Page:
8 May 2011

Luke 24:13-35

"And he said to them, 'What are you discussing with each other while you walk along?' They stood still, looking sad. Then one of them, whose name was Cleopas, answered him, 'Are you the only stranger in Jerusalem who does not know the things that have taken place in these days?'" (vv. 17-18)


Everyone faces grief in different ways. Some need to be in the company of people and stay indoors. Others, such as Cleopas and his unnamed companion needed to get out and do something. It appears that Friday's crucifixion had all but crushed their spirits as they walked to Emmaus. On the journey they met an enigmatic stranger who asked a series of significant questions. Their response was to treat him with a degree of scorn and surprise (verse 18) and to emphasise the point, Luke the Gospel writer says, "they stood still". They were literally stopped in their tracks by this stranger.

In response he asked a two word question: "What things?" (verse 19). This elicited a statement of their beliefs, aspirations, crushing loss and the rumour of an empty tomb. Now it is the turn of the stranger to describe them as "foolish" and "slow" (verse 25). The tables are reversed. He offered a shift in their understanding of the Jewish Messiah. Contemporary hopes anticipated a Messiah in the mould of King David who would lead them to military and political independence. Through a reinterpretation of Scripture the two disciples had to redefine their theology.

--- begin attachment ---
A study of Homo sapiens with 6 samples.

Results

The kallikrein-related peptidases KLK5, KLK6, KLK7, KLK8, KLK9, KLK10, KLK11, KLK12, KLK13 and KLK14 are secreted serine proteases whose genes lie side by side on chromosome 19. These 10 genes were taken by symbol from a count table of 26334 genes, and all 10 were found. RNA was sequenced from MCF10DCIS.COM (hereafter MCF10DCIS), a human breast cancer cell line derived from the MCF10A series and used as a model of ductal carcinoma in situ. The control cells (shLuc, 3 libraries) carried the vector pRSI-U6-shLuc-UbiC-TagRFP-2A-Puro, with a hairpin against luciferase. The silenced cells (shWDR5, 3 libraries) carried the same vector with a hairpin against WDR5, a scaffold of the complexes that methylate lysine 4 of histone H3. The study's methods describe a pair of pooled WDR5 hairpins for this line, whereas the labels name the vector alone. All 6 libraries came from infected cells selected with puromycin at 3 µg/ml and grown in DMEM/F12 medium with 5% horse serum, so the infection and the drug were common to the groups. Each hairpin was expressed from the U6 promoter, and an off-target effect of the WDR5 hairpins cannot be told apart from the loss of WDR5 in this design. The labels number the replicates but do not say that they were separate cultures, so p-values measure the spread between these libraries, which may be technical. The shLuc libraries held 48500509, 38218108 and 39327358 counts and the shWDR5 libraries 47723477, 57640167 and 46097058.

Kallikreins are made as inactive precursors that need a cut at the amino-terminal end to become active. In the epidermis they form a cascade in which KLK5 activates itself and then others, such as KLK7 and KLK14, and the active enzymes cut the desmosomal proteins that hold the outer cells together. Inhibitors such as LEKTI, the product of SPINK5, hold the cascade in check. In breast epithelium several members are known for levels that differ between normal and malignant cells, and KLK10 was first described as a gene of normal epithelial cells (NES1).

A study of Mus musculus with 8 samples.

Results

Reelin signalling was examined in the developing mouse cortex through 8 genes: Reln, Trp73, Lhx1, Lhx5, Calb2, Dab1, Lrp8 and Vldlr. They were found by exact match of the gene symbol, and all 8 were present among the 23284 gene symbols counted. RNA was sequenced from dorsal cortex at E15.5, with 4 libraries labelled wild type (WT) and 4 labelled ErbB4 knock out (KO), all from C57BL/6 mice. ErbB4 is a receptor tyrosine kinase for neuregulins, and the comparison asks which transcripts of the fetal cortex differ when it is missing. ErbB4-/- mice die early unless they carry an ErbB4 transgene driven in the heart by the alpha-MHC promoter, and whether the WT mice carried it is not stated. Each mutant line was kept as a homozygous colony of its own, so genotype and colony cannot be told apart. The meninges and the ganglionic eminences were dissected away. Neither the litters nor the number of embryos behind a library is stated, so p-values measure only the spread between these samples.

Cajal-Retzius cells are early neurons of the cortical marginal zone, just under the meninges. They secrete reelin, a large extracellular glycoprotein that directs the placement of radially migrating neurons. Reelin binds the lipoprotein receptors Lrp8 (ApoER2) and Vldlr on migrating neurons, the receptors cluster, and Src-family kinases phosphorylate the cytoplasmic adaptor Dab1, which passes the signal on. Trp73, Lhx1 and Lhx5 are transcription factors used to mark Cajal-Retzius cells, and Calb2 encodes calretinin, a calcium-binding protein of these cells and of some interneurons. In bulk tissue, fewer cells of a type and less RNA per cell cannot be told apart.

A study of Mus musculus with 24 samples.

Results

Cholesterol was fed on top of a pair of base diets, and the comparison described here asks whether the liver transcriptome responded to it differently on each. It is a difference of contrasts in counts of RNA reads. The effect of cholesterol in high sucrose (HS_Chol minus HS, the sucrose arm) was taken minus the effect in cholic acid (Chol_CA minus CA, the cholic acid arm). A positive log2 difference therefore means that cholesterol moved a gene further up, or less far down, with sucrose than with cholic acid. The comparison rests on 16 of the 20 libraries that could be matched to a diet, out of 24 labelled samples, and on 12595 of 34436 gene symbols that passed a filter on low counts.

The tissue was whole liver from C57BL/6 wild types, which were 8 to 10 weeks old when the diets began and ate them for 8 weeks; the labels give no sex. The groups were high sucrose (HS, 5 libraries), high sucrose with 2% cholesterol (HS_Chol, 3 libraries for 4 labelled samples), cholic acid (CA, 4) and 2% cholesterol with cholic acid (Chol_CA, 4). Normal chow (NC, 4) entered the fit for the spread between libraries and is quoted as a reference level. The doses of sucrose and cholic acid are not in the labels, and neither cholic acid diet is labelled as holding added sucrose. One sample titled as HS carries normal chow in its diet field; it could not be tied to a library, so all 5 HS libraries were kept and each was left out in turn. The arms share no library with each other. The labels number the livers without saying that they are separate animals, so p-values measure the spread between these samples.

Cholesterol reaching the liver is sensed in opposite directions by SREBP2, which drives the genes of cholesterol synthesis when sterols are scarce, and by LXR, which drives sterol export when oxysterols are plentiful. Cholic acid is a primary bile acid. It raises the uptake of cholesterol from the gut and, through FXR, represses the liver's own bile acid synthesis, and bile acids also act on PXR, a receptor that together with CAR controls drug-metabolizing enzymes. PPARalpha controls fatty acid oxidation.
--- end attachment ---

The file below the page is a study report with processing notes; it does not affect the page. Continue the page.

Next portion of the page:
The crucial point of the story turns on their insistence that he should stay the night. Is Luke saying that faith came from the individuals' articulated desire? What is clear is that their insistence was crucial. Then words gave way to action. Jesus was eventually recognized in the four-fold action of 'taking, giving, breaking and sharing'.

Cleopas and his companion experienced three topsy-turvy moments:

  • their understanding of messiahship
  • their return to Jerusalem
  • their emotions changed from despair to joy.

It would seem that on that first Easter Day encountering Jesus turned everything around.


To Ponder

Jesus used questions to engage the two disciples. Are you engaged by questions?

What is there in your life that God needs to turn topsy-turvy?

How do you react to grief and how does that differ from your friends or family?

Bible notes author

The Revd Tony Morling

Tony ministers in the Methodist Forest Circuit of London. He has a particular interest in making connections between faith and contemporary culture.